Philosopher and Professor Peter Singer discusses market ethics at Mudd lecture

Peter Singer questions the morals behind the markets for kidneys, sex and meat in his lecture in Lee Chapel on Thursday.

Tracy Wang

Australian philosopher Peter Singer challenged the idea of a free market in his keynote address for the Mudd Center’s 2016-2017 Distinguished Lecture in Ethics in Lee Chapel on Thursday evening.

In his lecture, “Permitting the Sale of Meat but Not Kidneys or Sex?,” Singer argued against the prevailing ethics behind the legal market for meat and the illegal markets for kidneys and sex.

While the market for meat is currently an open market, the livestock industry produces an extreme amount of green gas emissions. These emissions largely contribute to climate change, which Singer said has dire effects on third parties.

However, when it comes to free markets for kidney and sex, society generally takes more conservative view, even though Singer argued that many people suffer from the restriction that has been put upon those markets.

According to Singer, 7,000 people on The National Kidney Foundation’s waiting list died each year either because of failed treatment or the limited availability of kidneys. Singer argued that half of these deaths could be eliminated by a free kidney market.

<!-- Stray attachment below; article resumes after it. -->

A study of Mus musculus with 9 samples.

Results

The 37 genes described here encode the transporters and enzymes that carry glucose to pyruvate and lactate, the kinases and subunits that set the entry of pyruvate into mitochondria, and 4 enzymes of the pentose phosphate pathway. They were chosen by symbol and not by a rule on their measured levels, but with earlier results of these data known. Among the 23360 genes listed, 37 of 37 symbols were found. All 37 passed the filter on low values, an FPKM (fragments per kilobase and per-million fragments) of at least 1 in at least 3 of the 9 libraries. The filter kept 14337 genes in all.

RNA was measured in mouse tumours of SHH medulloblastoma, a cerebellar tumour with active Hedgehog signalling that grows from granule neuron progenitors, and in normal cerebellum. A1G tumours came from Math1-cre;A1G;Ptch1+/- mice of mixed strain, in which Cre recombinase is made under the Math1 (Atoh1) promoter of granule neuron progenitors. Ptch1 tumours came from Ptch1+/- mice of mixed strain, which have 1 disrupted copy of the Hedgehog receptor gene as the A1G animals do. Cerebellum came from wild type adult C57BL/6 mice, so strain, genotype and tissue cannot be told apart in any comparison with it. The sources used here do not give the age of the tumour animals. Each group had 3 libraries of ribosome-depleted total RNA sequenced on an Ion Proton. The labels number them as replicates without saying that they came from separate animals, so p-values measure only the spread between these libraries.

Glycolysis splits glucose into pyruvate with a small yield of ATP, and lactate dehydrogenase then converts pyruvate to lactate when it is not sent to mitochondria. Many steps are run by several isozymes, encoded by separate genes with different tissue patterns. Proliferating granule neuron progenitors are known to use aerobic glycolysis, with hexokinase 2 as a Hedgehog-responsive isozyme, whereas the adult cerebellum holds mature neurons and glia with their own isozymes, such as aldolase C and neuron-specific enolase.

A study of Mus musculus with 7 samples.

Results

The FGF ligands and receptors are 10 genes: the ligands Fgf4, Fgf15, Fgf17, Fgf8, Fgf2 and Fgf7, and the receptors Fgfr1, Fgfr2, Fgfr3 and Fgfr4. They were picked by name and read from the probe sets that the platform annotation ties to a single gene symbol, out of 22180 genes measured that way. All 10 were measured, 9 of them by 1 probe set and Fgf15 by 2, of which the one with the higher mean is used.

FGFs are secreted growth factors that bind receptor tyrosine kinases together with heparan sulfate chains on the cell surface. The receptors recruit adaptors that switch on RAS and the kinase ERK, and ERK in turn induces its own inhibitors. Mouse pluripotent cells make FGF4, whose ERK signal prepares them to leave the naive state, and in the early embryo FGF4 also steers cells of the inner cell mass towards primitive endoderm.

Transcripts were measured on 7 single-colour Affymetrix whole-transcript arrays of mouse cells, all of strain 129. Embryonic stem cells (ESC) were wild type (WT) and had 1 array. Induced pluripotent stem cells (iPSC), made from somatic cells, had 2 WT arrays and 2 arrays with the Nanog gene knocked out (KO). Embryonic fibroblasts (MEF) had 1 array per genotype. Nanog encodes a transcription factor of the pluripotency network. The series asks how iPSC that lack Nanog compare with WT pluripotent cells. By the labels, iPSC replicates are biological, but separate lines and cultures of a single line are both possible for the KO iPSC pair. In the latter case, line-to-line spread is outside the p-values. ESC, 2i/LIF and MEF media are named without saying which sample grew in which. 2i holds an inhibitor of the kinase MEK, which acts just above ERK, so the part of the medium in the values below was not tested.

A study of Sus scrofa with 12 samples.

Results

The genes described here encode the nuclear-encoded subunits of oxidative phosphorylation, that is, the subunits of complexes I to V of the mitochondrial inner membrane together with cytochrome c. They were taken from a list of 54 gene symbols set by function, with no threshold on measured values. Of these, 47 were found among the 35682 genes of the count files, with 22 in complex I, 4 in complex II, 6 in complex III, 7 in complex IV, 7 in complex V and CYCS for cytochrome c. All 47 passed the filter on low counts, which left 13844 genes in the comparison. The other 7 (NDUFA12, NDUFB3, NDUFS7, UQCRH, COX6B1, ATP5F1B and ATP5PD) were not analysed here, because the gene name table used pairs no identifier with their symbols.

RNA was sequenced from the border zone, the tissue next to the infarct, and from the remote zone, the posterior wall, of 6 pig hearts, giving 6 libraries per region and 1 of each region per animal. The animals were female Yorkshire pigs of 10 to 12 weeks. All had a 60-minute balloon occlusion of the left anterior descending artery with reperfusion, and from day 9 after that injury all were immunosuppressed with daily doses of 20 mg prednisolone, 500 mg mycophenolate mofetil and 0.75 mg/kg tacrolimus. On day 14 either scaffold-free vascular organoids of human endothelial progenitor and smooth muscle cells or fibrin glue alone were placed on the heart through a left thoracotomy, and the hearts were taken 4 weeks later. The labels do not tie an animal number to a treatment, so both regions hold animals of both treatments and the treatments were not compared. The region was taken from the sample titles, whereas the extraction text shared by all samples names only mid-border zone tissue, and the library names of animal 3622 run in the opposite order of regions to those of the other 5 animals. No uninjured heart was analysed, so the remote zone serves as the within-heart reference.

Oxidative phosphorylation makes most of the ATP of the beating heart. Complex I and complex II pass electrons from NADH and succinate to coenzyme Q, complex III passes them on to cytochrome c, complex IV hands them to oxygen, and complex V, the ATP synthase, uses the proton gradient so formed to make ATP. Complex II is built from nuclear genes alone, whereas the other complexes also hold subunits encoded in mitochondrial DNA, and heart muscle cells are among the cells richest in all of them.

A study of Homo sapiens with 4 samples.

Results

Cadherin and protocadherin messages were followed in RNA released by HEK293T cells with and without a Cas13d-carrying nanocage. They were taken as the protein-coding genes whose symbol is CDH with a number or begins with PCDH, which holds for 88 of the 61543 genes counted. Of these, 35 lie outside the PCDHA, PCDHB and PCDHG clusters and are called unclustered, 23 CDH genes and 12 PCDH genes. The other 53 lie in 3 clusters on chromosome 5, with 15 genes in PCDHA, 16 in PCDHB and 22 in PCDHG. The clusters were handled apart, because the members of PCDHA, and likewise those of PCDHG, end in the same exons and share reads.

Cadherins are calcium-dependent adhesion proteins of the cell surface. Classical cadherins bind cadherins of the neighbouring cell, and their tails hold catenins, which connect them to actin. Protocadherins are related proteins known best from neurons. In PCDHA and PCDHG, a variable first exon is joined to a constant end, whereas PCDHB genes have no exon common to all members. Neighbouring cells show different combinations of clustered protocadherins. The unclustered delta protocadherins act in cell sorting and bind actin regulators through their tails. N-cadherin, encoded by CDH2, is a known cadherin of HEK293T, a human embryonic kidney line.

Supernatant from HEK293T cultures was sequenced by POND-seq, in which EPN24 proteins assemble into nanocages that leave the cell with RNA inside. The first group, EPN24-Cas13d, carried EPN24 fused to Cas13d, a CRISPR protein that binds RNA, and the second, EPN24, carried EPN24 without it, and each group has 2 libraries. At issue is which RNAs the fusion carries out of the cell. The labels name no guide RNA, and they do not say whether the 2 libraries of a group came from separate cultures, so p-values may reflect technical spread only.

“Why is using people as a means to offer them the opportunity to sell organs rather than offering them the opportunity to work in a dusty polluted factory unacceptable to society?” Singer asked the audience.

Singer pointed out that the waiting list for kidneys has been eliminated in Iran ever since they legalized the kidney market, and cases of rape and violence against women reduced significantly in countries that legalized sex work.

Nonetheless, Singer asserted that markets should never be entirely free. According to Singer, free markets needs to be operated in very restricted ways to avoid social chaos.

Singer emphasized that all steps should be taken to “let people do what gives them long term benefit.” A regulated market for kidneys should provide donors a secure and substantial means of donation and compensation, and a regulated market for sex should be built on the premise of age and consent in order to protect the rights of sex workers.

Students had different opinions on the content of Singer’s message.

“I don’t want my kids to grow in a society where you can make money by selling organs or sex legally,” Joe Wen, ‘19, said. “Even [if] it is for a good cause allegedly, it would easily exploit the poor and it will not make their lives any better.”

Singer is the Ira W. DeCamp Professor of Bioethics at Princeton University and a Laureate Professor at the Centre for Applied Philosophy and Public Ethics at the University of Melbourne. He specializes in applied ethics and approaches ethical issues from a utilitarian standpoint.